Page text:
Once in a while, U.S. retirement savers should sit down and compare their 401k amount totals with peers in the same age group.
That task is made easier by the California Society of Certified Public Accountants (CalCPA), which, with help from a separate study from Vanguard on retirement savings, recently released a comparative breakdown of how much Americans are saving in their 401k funds compared to their demographical peers.
Here’s what the data showed:
“The average percentage contributed by employees for 2021 was 7.3%, and 11.2% with employer matches,” CalCPA reported. “The overall average amount in a 401(k) account is $141,542, but this number includes balances for workers across all experience levels and tenure. When broken down by age, the average account amounts are significantly different.”
65 and older—$279,997
Those numbers may actually look more robust than they should, thanks to a vast minority of solid 401(k) savers.
“The numbers are extremely low,” said Robert R. Johnson, a professor at the Heider College of Business at Creighton University. “According to a June 2022 study by Vanguard (entitled “How America Saves”), the average account balance for Vanguard participants was $141,542.”
However, a better indication of how little Americans have saved is that the median balance was $35,345.
That’s because the average account 401k balance is skewed by a relatively few high account balances,” Johnson noted.
‘Appalling’ 401(k) Savings Numbers
At first glance, it doesn’t seem like U.S. retirement savers are on track for a comfortable retirement. An even closer look by investment experts shows that many Americans may spend their golden years working under the Golden Arches to stay afloat financially.
“The 401(k) saving averages are appalling,” said Laurie Itkin, a financial advisor at Coastwise Capital. “There’s a high probability that people with an “average” amount of retirement savings will run out of money before they die. There is no way to sugar-coat this bitter pill.”
Scroll to Continue
Given the status quo, as exemplified by the CalCPA numbers, millions of Americans face a serious uphill financial climb during their retirement years.
‘Unless Americans abide by the philosophy of living below their means, they won’t save enough for retirement,” Itkin said. “You must make a non-discretionary item in your monthly budget for saving and investing. If your employer offers a 401(k) or similar plan, you should increase the percentage of your salary you contribute whenever you get a raise or cost of living adjustment to your salary.”
Getting Uncle Sam more involved in the retirement savings picture could help, Itkin noted.
“Perhaps the government could mandate that once a year every American must type into an Internet search box, “How Long My Savings Will Last Calculator,” she said. “Americans should spend ten minutes playing around with their retirement savings calculator to see where they stand. After all, fear is a good motivator.”
As usual, a lack of financial literacy, especially with savings needed for retirement, keeps holding Americans back with their 401(k) holdings.
“Actually, $140,000 average 401(k) savings seems low,” said Teresa Arrigo, a financial adviser at GenWealth Financial Advisors, in Conway, Ark. “Even the top average of $280,000 for the 65 and over category seems low, too.”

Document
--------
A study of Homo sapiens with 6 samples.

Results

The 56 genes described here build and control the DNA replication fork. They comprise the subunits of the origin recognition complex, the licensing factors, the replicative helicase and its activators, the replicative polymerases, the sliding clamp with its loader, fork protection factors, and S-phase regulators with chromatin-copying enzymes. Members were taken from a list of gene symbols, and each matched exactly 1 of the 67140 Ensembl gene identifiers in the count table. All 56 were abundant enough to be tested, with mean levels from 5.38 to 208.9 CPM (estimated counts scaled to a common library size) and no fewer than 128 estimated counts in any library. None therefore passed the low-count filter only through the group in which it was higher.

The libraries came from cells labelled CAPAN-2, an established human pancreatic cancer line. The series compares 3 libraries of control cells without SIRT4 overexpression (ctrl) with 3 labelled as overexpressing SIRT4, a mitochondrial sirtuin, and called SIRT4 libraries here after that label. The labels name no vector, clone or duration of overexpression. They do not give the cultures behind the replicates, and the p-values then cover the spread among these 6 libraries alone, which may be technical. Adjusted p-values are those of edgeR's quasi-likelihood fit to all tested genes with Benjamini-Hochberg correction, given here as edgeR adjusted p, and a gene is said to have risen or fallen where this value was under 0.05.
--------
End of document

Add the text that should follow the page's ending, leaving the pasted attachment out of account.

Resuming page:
There’s a good reason for the low savings figures, Arrigo noted. Americans remain adrift on long-term savings needs, goals, and education.
“Based on conversations we regularly have, many Americans don’t fully understand how their 401(k) plan works and how to use it over the long-term to build wealth,” Arrigo said. “They aren’t getting coaching either, so when market volatility strikes, they may choose to stop investing or go to cash.”
Additionally, many people still live paycheck to paycheck and don’t prioritize employer plan contributions because they can’t see the long-term benefits when they are focused on short-term budgeting challenges.
“Consequently, while circumstances Americans are facing make these numbers understandable, that doesn’t take away the impact of how low they are relative to the income need of retirees,” she said.
A Way Forward for 401(k) Savers
One major move 401(k)-slacking Americans make is to latch on to technology to turbo-boost their retirement savings.
“You have to make saving money a habit,” Johnson said. “And habits — good or bad —develop over time. So, one of the best ways to save money is to make it automatic.”
Smart 401(k) investors have leveraged automatic payroll deductions for years, primarily because the strategy works, Johnson said.
“If you don’t receive money rerouted to a 401(k), you’ll act like you never earned it – it’s essentially, out of sight, out of mind,” he noted.
Your best move? Have an amount taken out of each paycheck and put directly into an investment fund such as a low-cost stock index fund.
“This strategy means you’ll be putting money into the market whether stocks are rising, falling, or treading water,” Johnson said.
Another smart 401(k) move is to start by capturing employer matching contributions to your 401(k) plan.
“Whatever amount you need to put in to get the maximum 401k contribution from the employer, start there,” Arrigo said. “Then, every time you get a raise, increase your contribution by 1%. You won’t really feel it, but it adds up over time.”
One more tip from Arrigo — avoid taking loans or withdrawals from your 401(k) fund.
“Basically, think of the money in the 401(k) as dead to you until retirement,” she said. “Do that and reap the rewards of a smartly-planned 401(k) strategy.”